There are ~10 million GPUs mining cryptocurrencies in the world today. Because the majority of them mine Ethereum (5-10 million are needed to generate 250 TH/s), it means the other coins can easily be overpowered and attacked if a small fraction of GPU miners decided to do so. For example look at Monero: 400 MH/s of CryptoNightV7 hashrate means there are 400k-800k GPUs behind it, therefore only 4-8% of the pre-existing worldwide GPU mining capacity is needed to attack it.
In a way we could say Monero is vulnerable to a "4-8% attack!"
The best way to defend a coin from this scenario is for it to implement a unique PoW algorithm that is very ASIC-friendly so that GPU miners couldn't overpower it. Of course the same attack scenario would exist if there is a large pre-existing installed based of this ASIC, so the PoW algorithm must be unique. For example Bitcoin Cash could currently be attacked by 10% of Bitcoin miners as they are both mined by the same SHA-256 ASICs.
The irony is that the misguided trend to try to be "ASIC-resistant" is actually worsening the value proposition of all these GPU-mined coins as it makes them more vulnerable to the very real possibility of 51% attacks...
Whichever fab produced it would have a huge hardware advantage in mining. They would mine themselves and just use 51% of their physical units (versus renting on a time-slot market) to do the attack.
The price-tank disincentive is multiplied by the block reward size -- the lower the reward, the the less the miner would care. The price-tank disincentive also is attenuated by future equilibrium mining. If you make the first ASIC and don't attack, future manufacturers will pop up as mining becomes more profitable. If you tank the price, mining profits may become low, but you thwart competition.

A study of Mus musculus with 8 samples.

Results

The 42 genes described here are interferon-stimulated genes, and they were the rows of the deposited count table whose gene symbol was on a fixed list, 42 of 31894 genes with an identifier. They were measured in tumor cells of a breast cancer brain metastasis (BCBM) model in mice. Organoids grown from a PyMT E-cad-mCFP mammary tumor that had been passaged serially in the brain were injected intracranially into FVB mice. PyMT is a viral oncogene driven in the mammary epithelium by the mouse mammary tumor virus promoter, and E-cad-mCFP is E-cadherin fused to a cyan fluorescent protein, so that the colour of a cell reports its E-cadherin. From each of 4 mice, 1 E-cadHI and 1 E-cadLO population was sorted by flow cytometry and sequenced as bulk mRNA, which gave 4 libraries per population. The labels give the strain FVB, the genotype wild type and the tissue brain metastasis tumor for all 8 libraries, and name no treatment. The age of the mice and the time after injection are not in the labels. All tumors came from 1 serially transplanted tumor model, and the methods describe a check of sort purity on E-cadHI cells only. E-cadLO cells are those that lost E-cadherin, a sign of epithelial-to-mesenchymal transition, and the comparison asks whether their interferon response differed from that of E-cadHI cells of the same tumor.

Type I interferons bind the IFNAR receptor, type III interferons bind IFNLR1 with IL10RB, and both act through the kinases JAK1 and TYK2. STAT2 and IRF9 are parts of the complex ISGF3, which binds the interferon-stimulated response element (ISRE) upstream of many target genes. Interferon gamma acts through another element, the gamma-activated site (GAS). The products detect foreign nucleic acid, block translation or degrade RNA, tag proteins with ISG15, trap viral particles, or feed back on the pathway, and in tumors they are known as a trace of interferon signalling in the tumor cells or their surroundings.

Attack gains are not connected strongly to the above disincentives. Attack gains are higher the more often you can cycle the coin -- you can actually steal way more than the market cap of the coin theoretically by cycling exchanges / other mechanisms of payment. Then you start running your 51% attack and reverse hours, days, weeks of transactions.
I see your point that there is some disincentive for a 51% attack, but I'm not sure that's enough.
This is exactly what they are doing.
Lots of people are buying GPUs, but any SINGLE gpu coin has a very small percentage of total GPU hashpower.
For the extreme case, image that I have GPU coin, but I am only supporting it with MY GPU.
That means that any other person in the world, can now attack my coin, if they have more GPUs than me (1).
The fact that lots of people own GPUs doesn't protect me, because those GPUs aren't contributing to the network!